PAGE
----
I use Vim editor for more than thirteen years now. Today I realized that things that seems natural to me are not always visible to new or even skilled users. To learn Vim, you need to use it every single day. It’s a very complex tool and every person use Vim differently. There are many ways to do same things.
I’d like to share short Vim tips on my blog which I think are nice and I find them useful. It is challenging to select features I would like to blog about, but I will try to do my best. Don’t expect anything new and shinny - everything what I write here was already written, zillion times perhaps. And also - it’s all in Vim documentation :-)
Let’s get started!
I very often need to compile or check files or projects I work on. For this, there are two nice features of Vim - makeprg and cwindow.
For example on a Ruby project, I usually set this:
set makeprg=ruby\ -c\ %
On a Go language project, it is:
set makeprg=go\ build
And so on - there are many build or check options out there. Find your own one.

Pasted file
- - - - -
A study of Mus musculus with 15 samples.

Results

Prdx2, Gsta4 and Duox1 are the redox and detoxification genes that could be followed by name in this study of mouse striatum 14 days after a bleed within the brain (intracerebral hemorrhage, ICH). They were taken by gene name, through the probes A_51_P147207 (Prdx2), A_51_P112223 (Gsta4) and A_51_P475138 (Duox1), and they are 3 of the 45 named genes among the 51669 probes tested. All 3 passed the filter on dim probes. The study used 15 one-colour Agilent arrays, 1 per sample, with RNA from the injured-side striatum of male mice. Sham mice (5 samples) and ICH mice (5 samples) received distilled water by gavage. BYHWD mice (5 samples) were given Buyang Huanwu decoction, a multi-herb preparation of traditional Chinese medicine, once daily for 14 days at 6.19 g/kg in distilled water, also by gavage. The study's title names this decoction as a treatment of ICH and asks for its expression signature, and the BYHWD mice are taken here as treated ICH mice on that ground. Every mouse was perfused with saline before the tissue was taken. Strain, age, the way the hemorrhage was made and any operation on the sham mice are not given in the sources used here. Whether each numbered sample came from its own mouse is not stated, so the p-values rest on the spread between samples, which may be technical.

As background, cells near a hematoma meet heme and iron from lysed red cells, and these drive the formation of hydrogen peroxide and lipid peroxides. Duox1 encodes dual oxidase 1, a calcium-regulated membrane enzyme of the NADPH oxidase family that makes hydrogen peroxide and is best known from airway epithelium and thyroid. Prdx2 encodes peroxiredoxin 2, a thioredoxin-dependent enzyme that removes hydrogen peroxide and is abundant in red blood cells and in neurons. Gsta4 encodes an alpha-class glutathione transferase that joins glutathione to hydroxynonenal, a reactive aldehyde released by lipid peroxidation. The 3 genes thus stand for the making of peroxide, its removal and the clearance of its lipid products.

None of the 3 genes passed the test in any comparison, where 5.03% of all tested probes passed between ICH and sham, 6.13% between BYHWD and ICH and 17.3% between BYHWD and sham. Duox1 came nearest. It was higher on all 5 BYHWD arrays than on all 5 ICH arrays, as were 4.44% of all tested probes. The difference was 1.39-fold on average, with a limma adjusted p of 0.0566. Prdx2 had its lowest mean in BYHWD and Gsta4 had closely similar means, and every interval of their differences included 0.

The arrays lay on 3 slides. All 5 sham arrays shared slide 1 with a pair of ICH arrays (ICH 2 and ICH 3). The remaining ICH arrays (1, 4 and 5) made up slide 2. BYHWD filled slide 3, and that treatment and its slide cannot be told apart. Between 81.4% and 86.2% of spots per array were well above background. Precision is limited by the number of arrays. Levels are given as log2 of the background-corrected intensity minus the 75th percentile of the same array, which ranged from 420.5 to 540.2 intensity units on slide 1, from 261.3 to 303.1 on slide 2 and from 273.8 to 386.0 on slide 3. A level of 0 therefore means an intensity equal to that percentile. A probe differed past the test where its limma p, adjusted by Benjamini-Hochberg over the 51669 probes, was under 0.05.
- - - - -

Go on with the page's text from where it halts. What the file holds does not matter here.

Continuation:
By default makeprg is set to “make” command, which is often the case. But sometimes not. To initiate build (or check), just do :make command. (No bang character - this is internal Vim command!) Shortcut for :makeprg is :mp.
Vim can parse output and work with it in the Quick Fix window. Typical commands you use is :copen which opens quick fix window as a new buffer. Or you can use :cnext and :cprevious (short versions are :cn and :cp) to jump on next or previous errors. And :cclose, yeah, closes it. But one command I like the most - :cwindow (:cw in short) which opens quickfix window if there are errors and close it if there are not.
Let’s compose this into one simple approach I use everyday. I usually bind one key (F9 - yeah old good Borland times :-) to do everything for me:
This is it:
map <F9> :wa|silent! make|cw<CR>
Make and output parsing works usually out of the box in Vim, but if you need to tune it a bit, look for errorformat (efm) setting.